GUILFORD COUNTY, N.C. — Robin Britt has had a positive relationship with Guilford County children.
Britt grew up near Asheville and lost both of his parents by the time he was four; his mother to cancer, his father to tuberculosis.
But that didn’t stop him. His older sister raised him and his brother. Britt worked hard and won not just a Morehead Scholarship to UNC Chapel Hill but a ROTC scholarship as well. He served in the Navy and Naval Reserves and retired as a captain.
But most people know him for another job.
In 1982, he ran for the congressional seat that Greensboro legend Richardson Preyer had lost in the Reagan landslide of 1980. Britt won that seat back in 1982 and the Democratic Party hierarchy immediately saw his value.
Britt wanted to work hard and keep a low profile. He remembers the first time he entered the House chamber:
“I walk in, thinking about all the history and everything going on – all the people, all the leaders and all – and Jim Wright’s staff assistant comes to me and says, ‘The majority leader wants to see you.’ I’m thinking, ‘I just walked in and I’ve already screwed up,’” Britt said. “And when I saw Leader Wright, he said, ‘Want you to second my nomination.’”
Because of his own challenges, growing up without much money, Robin has always been sensitive to that issue, but when he arrived in Washington, he discovered he still had a lot to learn.
“If you’d have asked me, as a tax lawyer, what percentage of children are in poverty in the richest country in the history of the world, I would’ve said, ‘Two percent, three percent.’ And it was 20 percent of all children in America,” inRobin said.
He lost his first re-election bid in the second Reagan landslide to Republican Howard Coble, who held the seat for the next 30 years. Although Britt and Coble disagreed on methods and politics, they had a respect for each other and a congeniality that is missing in most of today’s political climate in Washington.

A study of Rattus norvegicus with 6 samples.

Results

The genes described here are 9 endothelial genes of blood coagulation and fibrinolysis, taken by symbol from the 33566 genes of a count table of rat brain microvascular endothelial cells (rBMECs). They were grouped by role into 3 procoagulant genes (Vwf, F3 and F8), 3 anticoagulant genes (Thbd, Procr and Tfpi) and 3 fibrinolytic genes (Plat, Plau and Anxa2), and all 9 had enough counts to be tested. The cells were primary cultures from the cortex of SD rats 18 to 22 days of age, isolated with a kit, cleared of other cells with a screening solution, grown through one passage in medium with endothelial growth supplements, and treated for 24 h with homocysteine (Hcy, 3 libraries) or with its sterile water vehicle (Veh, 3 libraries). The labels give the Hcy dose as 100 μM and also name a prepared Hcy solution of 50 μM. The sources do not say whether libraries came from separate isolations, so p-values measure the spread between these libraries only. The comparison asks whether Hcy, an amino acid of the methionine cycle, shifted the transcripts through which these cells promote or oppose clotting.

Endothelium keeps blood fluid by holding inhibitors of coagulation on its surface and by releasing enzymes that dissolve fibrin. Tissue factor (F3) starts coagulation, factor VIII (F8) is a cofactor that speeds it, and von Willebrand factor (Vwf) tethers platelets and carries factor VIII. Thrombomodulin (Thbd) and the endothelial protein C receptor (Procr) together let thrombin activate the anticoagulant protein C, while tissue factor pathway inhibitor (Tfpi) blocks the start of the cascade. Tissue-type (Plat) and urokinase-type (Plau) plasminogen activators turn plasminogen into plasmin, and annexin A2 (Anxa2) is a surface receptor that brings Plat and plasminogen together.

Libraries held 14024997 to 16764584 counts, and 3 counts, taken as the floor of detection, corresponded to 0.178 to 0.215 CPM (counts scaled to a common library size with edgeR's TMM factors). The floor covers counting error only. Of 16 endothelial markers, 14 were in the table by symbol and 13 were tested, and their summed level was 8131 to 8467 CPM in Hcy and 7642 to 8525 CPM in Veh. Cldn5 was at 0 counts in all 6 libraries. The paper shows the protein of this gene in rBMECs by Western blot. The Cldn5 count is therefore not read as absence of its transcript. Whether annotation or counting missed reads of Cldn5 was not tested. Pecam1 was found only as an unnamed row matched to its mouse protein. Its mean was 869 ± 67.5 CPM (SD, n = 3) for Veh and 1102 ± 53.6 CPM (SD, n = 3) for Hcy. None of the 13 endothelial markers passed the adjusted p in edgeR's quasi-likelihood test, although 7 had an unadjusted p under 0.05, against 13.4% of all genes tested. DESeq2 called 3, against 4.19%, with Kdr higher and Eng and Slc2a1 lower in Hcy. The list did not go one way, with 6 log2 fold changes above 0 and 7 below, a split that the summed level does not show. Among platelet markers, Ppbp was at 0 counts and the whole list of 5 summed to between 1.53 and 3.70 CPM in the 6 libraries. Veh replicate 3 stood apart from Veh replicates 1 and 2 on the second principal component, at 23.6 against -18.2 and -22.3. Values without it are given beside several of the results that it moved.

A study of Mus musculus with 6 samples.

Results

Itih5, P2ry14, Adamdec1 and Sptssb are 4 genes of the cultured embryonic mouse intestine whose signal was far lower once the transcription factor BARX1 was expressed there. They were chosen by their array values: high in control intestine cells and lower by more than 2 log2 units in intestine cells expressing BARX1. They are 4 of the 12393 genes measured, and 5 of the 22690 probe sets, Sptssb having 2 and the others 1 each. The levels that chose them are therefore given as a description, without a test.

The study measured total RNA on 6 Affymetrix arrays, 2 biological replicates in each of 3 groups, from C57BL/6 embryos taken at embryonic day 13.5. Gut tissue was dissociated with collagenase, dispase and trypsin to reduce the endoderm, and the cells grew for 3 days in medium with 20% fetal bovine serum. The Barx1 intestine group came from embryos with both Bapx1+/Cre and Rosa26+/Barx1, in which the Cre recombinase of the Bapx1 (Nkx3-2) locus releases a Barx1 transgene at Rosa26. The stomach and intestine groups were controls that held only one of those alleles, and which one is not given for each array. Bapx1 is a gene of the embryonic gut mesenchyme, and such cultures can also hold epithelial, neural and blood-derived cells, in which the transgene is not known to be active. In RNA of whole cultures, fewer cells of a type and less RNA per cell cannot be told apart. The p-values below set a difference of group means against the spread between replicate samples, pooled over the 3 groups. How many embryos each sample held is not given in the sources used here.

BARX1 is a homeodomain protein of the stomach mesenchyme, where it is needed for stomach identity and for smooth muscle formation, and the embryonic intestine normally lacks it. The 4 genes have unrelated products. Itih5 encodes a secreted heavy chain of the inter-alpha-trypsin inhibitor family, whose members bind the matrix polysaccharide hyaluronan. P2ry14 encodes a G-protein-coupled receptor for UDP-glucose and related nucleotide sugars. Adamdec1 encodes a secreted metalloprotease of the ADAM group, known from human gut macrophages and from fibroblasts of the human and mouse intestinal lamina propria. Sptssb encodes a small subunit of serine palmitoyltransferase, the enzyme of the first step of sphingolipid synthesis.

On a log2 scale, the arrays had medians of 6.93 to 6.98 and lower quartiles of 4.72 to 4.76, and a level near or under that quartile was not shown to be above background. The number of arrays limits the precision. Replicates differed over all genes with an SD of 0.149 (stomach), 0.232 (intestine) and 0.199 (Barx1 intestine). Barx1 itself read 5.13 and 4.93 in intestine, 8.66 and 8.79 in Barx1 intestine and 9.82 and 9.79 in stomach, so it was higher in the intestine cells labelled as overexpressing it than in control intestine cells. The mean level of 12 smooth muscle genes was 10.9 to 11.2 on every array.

Britt ran one more time for that seat in 1986 but lost by a mere 79 votes, one of the closest congressional elections in history.
“And it turned out to be the best thing that ever happened to me, but it was very difficult at that time,” Britt said.
It freed him up to be Governor Jim Hunt’s Secretary of the Department of Human Resources where he implemented Smart Start throughout the state in the early 1990s.
“But very intentionally, we did not put it through the state government and its administration. So we formed a state non-profit that would receive money from the state but would operate the other, local non-profits in each county,” Britt said.
“Before everybody else did, he invested his time in young children,” said Susan Schwartz, whose work with children she and the Cemela Foundation support. “You’ll see their parents when they bring them to school (at Britt’s Guilford Child Development) in the morning and pick them up in the afternoon, and you just get a sense of what a difference Head Start is making in their lives.”
And those relationships put a smile on Britt’s face after all these years working on behalf of children and their development.
“Not many people rise up from their death bed and say, ‘How’s the stock market doing?’” Britt said.
Meet Robin Britt and see what world leaders he’s worked with in this edition of the Buckley Report.